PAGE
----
Al Jazeera leaks: Who are the winners and...

Al Jazeera leaks: Who are the winners and losers?

By Carlo Strenger, Haaretz

Via Haaretz (click for original)

Does the common wisdom that Al Jazeera is close to Hamas and wanted to undermine Abbas really hold true?

Now that the sound, the fury and the dust from the Al Jazeera leaks are beginning to fade, the inevitable question is: what are we to learn from the material that was published? What are we to learn from the way the material was presented by the various parties? And finally the inevitable question: who are the winners and losers of the leaks?

First, the dry conclusions that have been pointed out by commentators around the world including the New York Times: there were serious and constructive talks between Ehud Olmert’s government and the Palestinian Authority; and the differences between Israel and the Palestinians, while not negligible, were by far not as deep as both politicians and the press seemed to imply.

Common wisdom is as follows: Al Jazeera is close to Hamas and wanted to harm Mahmoud Abbas and his negotiating team, since they are against a negotiated peace agreement. They therefore wanted to portray Abbas and his team as selling out to Israel, as weak “collaborators with the Zionists.” It was supposed to be a shock that Palestinians were making concessions on the right of return to Israel within the 1967 borders and on Jerusalem, including the Old City.

The interesting question is, why indeed there should have been any shock at all, as most Israeli commentators have pointed out. The basic parameters of any future peace agreement were already formulated by Bill Clinton in the year 2000, and they were reasserted in the Geneva Accords. None of the contents of the Al Jazeera leaks differ dramatically from either. Anybody who was shocked would have to be profoundly misinformed about the peace process in the last twelve years.

It might indeed be that Abbas, Saeb Erekat and Ahmed Qureia will have to be less forthcoming in the foreseeable future to counteract the impression Al Jazeera tried to create. But so far Palestinian reactions have been less negative than many expected.

On the international level, the credibility of the Palestinian leadership has actually increased. It is clear that they mean business, and that the Netanyahu-Lieberman line that there is no partner for serious negotiations is groundless. This will certainly increase the momentum of the Palestinian effort to push for international recognition of a Palestinian state within the 1967 borders. Hence Abbas, Erekat, Qureia and other negotiators may have gained from the leaks. It is to be hoped that Palestinians will realize that Abbas and his team are far from selling out to Israel: they are trying to ensure that the Palestinian people will be able to live in freedom and dignity.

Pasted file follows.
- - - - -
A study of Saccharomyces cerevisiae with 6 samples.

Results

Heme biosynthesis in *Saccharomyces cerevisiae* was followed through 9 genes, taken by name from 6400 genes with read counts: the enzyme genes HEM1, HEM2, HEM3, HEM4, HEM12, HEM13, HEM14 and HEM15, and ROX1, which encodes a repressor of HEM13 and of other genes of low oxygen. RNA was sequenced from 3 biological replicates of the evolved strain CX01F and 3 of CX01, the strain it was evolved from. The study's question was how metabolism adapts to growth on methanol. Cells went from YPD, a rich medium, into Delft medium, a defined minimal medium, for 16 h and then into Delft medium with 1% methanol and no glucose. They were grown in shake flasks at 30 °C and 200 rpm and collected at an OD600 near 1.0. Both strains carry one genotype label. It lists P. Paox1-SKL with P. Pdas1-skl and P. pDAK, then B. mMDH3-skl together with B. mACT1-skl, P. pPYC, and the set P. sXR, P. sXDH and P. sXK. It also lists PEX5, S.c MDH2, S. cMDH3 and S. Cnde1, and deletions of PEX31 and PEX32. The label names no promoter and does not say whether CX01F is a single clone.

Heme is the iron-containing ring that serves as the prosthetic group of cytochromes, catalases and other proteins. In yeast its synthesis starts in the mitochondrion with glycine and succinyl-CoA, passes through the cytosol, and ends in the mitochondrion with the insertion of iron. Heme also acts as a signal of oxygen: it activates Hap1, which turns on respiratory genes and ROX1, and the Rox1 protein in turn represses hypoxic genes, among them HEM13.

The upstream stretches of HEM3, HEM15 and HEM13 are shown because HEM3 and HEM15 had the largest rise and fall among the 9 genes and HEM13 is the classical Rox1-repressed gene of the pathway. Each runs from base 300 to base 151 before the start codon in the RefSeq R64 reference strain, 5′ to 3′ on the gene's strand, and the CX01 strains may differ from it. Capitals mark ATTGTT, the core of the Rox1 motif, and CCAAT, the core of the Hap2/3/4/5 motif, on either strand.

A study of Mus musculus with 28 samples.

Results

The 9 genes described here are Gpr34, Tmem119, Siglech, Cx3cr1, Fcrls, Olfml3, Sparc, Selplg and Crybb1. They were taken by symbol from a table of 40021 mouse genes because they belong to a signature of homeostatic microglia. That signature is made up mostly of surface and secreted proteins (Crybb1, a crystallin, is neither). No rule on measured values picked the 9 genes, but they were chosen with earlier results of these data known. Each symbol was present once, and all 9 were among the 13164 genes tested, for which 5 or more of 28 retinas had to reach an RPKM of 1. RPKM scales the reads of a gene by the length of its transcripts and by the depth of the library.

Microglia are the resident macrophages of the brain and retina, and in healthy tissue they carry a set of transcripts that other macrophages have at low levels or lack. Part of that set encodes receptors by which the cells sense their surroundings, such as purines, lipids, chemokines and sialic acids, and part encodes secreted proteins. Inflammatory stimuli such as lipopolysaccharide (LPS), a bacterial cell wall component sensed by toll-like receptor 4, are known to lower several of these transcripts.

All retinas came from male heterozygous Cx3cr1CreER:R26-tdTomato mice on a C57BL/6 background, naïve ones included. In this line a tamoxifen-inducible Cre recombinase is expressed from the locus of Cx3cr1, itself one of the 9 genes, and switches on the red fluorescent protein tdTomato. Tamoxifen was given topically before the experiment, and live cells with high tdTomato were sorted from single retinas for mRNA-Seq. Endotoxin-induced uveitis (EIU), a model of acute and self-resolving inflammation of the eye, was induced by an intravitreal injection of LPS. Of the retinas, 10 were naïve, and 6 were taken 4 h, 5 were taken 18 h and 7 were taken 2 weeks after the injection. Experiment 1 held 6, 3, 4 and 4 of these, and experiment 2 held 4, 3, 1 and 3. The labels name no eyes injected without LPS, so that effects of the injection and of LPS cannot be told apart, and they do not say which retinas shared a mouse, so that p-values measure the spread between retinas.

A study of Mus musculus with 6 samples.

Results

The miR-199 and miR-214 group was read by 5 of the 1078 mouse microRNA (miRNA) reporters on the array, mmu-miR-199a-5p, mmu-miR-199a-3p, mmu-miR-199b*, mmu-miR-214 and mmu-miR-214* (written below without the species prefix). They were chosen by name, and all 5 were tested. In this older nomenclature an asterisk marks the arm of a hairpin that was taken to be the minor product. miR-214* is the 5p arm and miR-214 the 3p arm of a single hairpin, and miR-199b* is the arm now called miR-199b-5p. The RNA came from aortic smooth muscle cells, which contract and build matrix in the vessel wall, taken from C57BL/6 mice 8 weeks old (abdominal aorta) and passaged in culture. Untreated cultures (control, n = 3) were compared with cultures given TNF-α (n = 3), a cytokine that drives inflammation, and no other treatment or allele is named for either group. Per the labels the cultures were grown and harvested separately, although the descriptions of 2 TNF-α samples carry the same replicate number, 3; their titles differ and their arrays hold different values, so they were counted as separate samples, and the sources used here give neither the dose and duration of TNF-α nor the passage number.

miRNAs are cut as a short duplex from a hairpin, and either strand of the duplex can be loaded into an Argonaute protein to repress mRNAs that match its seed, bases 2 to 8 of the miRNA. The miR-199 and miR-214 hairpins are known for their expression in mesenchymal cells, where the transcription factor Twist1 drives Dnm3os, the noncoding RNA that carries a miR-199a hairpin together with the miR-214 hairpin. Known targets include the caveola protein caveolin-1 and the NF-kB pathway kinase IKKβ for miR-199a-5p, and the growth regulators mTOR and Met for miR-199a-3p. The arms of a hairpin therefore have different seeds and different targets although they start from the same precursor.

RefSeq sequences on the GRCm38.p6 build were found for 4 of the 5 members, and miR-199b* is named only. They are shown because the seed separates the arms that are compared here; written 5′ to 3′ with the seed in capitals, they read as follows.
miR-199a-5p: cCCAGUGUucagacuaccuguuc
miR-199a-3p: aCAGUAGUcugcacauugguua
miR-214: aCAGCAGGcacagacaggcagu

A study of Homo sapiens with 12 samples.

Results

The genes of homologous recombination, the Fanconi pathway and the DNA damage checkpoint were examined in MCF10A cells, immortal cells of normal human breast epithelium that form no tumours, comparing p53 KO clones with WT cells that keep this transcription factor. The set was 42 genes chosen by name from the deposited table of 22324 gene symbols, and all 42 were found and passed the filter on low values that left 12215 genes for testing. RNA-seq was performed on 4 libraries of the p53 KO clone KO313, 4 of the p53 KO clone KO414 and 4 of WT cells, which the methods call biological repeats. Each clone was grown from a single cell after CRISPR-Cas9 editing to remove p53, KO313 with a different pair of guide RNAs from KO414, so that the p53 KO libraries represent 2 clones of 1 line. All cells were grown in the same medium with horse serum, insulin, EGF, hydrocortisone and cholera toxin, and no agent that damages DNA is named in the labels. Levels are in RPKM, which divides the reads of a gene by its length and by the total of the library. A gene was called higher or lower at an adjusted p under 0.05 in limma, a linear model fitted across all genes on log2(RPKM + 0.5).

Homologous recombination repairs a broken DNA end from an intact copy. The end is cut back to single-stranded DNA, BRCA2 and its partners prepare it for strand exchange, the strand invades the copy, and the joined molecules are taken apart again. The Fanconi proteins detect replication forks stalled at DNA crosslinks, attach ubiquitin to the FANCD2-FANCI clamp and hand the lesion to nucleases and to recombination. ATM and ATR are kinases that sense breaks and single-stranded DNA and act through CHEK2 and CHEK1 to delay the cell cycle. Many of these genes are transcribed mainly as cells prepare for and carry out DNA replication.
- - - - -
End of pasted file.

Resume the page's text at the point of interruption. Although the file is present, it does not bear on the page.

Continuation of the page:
Netanyahu’s government is the most immediate loser. Nobody on the international scene believed their adage that the Palestinians are the peace refuseniks to begin with. If anybody had any doubts left that their position is both insincere and false, the leaks have made it clear beyond any doubt that their position is cheap propaganda.

Abbas and his team come across as eminently sensible; they have good understanding of Israel’s needs, particularly when it comes to security. Most importantly, they showed flexibility in what is by far the most pressing existential issue for Israel, the Palestinian right of return. The leaks show beyond any doubt that the slogan “There is no partner,” coined by Barak after the failure of the Camp David Summit of 2000 is a misrepresentation at best and a simple lie at worst.

The result is that Bibi’s government is now officially stamped as the peace refusenik. Its attempt to offer the Palestinians a state with temporary borders didn’t stand a chance to begin with – but now it proves to be a total no-brainer.